The Barbarians are Back at Kohl’s Gate….Again

For those who thought the Kohl’s divide-and-conquer saga was over, all one can say is “tsk, tsk, tsk.” Haven’t you seen this game before?

Last week Ancora Holdings – they are described as an activist investor but, I don’t know about you, I still long for the days when these folks were called corporate raiders and guys like Carl Icahn ran rampant – renewed its call for a regime change at Kohl’s with the ouster of its CEO and chairman of the board.

If you think you’ve heard this one before…well, it’s because you have.

Ancora, which according to published reports owns 2.5% of the retailer, has agitated things before, wanting all kinds of changes besides in management, including selling all or some of the company to whoever was interested. Kohl’s appeased Ancora and its cohorts in 2021 by putting some of its supporters on its board and then going through a process to see if a sale was feasible.

Not surprisingly, at least when it comes to exercises like this, Kohl’s management decided a sale was not in its best interests and rejected that plan. What was particularly fascinating was that it then summarily announced it was no longer for sale and it was time to get back to the business of running of retail business.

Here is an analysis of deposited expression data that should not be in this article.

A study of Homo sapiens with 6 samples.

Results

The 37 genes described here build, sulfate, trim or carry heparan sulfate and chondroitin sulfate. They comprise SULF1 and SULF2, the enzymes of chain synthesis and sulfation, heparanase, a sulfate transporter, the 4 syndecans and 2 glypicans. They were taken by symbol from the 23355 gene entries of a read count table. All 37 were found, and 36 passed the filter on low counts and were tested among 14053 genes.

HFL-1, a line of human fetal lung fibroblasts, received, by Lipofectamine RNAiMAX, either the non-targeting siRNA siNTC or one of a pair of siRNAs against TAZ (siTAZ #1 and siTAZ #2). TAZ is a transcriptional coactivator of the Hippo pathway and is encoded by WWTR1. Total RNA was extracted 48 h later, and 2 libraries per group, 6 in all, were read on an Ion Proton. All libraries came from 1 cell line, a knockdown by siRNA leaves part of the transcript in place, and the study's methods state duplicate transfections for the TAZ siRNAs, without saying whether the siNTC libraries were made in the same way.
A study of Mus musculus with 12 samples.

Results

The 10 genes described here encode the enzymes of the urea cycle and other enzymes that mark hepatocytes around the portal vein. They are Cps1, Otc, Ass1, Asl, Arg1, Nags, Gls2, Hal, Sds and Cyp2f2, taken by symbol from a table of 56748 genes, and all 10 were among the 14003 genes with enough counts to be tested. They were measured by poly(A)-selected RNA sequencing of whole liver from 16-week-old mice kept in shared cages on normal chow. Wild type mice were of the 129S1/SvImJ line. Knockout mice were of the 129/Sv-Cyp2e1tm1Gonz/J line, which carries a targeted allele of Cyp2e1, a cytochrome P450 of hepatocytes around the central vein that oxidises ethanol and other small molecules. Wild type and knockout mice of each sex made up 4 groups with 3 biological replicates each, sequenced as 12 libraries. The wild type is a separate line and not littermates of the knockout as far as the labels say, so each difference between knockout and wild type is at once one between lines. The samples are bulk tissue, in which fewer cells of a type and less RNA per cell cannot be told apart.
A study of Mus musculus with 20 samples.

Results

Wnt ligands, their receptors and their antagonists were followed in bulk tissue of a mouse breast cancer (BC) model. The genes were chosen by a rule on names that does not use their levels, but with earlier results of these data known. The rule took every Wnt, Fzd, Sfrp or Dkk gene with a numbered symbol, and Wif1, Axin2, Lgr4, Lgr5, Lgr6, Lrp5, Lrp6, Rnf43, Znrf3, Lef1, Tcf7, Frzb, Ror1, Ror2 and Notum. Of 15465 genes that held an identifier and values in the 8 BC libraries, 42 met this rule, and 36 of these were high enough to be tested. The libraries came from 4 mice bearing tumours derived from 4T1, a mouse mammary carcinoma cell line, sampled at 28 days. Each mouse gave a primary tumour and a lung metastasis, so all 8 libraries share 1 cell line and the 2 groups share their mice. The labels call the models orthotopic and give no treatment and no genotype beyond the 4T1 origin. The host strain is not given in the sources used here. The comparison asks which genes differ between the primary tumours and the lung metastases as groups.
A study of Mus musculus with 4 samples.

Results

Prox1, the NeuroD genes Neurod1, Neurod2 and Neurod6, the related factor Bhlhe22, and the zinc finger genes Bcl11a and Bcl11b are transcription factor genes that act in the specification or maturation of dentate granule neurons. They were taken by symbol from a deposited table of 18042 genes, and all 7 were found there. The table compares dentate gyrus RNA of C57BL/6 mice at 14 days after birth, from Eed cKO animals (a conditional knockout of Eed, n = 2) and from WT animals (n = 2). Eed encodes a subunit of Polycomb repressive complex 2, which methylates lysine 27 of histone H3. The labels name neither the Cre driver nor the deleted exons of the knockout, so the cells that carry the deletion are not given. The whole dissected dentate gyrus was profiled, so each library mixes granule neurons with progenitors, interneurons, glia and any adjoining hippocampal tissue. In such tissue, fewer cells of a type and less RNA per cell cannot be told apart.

Apparently Ancora didn’t get that memo because it’s back in the agitation game wanting pretty much what it asked for two years ago.

In the meantime, Kohl’s fortunes – and its stock price – have not fared well at all. The retailer has reported dismal results, including a 63% drop in net income and 8% lower comp store sales in its last quarter. More critical for investors is that a stock that traded as high as $63 a share as recently as March is now floating at around $25 a share. The math is particularly ugly.

There’s more bad news: Moody’s is reviewing its latest credit rating after S&P downgraded Kohl’s to junk status earlier this month.

Kohl’s market cap is now just below the $3 billion level, which means a takeover can be financed so much easier than when its value was double or even triple that…which wasn’t all that long ago. Kohl’s management, led by the aforementioned CEO Michelle Gass and board chairman Peter Boneparth, has been trying to roll out all kinds of programs, from more Sephora shop-in-shops to new-smaller-format stores to assorted merchandising initiatives to build business – not to mention keep the barbarians away from the gates – but so far there’s been little improvement in its performance.

When Gass and Boneparth announced after the last round of incoming fire that the battle was over it was a little like breaking up with your significant other…without them agreeing to any such thing. Kohl’s is once again in play and this time around it’s going to be even harder for the end game not to play itself out.

Because as we all know the game itself is not over until the fat money sings.